Obama Staffers Find Technology at White House a Little Dated
The last time a new U.S. presidential administration moved into the White House, eight years ago, some staff members serving George W. Bush found the W's on their office keyboards missing. As legend has it, the cause was a bit of tomfoolery on the part of outgoing staffers who had served Bill Clinton and (defeated presidential candidate) Al Gore.
This time, there have been no reports of pranks involving PC keyboards, but some incoming staffers are grumbling a little about the equipment itself. To be blunt, they think it's old.
An article in today's Washington Post chronicles a number of problems faced by aides to the new president on their first day at work: disconnected phones, outdated software, missing security codes, and so on.
Overall, though, the Post article described a mood of disappointment yesterday among the plugged-in presidential support apparatus. These folks, after all, were responsible for using their state-of-the-art technology skills to get Barack Obama elected in the first place, using online social networking to raise vast amounts of money and staying in touch with their constituency around the clock with the latest electronics devices and software.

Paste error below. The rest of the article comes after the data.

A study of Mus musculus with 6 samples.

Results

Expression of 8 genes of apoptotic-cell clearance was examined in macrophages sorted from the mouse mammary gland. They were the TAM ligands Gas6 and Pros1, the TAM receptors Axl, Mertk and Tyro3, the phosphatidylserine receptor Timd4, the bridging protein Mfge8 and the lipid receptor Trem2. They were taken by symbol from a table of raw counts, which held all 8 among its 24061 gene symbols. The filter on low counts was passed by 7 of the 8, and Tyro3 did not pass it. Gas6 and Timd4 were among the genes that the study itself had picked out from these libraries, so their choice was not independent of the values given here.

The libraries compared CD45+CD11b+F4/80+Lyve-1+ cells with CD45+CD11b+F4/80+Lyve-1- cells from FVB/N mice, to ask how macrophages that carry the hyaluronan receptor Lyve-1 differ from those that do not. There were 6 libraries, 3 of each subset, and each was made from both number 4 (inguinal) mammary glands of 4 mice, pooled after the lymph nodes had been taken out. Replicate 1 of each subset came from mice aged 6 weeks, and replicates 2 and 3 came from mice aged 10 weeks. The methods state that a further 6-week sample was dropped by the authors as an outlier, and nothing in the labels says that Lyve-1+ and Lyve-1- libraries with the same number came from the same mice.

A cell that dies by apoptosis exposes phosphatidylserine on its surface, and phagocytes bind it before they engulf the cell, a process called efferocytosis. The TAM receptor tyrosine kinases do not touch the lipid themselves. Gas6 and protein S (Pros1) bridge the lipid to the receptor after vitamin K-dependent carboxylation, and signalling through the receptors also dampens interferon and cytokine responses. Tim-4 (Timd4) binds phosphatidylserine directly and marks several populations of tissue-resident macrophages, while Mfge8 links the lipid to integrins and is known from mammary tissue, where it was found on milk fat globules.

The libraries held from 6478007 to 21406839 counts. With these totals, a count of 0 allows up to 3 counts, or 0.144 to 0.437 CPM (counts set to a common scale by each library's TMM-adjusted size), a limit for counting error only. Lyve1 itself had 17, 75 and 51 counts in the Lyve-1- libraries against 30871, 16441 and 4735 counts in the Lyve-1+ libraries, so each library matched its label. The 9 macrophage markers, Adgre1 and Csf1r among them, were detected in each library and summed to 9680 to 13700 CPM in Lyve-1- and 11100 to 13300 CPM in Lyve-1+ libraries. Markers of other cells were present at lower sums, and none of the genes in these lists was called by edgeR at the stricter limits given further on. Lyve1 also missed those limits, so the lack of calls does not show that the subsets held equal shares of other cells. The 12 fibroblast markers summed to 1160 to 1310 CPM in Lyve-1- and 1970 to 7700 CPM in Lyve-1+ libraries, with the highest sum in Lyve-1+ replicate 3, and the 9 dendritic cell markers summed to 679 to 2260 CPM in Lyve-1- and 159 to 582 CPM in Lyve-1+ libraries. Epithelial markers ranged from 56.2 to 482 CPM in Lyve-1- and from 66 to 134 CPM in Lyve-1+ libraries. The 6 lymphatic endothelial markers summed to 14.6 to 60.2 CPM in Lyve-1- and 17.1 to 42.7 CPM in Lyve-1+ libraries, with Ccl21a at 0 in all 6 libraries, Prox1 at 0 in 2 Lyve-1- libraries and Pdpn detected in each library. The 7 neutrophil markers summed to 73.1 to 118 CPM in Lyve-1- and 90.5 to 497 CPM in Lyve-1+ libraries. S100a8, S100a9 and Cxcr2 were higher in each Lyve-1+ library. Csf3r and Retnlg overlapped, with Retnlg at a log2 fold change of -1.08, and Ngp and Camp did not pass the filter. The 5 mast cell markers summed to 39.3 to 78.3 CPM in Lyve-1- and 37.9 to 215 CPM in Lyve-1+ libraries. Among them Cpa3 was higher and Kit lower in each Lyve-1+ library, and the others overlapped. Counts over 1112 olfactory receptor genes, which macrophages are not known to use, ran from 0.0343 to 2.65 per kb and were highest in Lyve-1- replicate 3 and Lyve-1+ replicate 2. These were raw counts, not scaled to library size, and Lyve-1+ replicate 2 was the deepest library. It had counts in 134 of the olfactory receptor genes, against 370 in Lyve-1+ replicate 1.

Now in charge in the most powerful office in the world, these staffers find themselves confronted by what can only be described as culture shock.
"It is kind of like going from an Xbox to an Atari," Obama spokesman Bill Burton told the Post about his workplace technology.
In something of a stretch, the newspaper account notes that the new White House Website had not been updated as of last night with the latest presidential orders from the historic first day, due to software glitches. Rest assured, though, it's working fine today.
And, in perhaps the most telling piece of a cultural disconnect between the Bush administration and the Obama one, it turns out that the new regime are Macintosh users, who are used to working in the latest OS X flavor, as opposed to the Windows XP machines they find themselves inheriting.
"It is what it is," a new White House staff member, speaking off the record, told the Post.
Those are words that should sound familiar to anyone starting a new job and finding a really old PC left behind by the last person.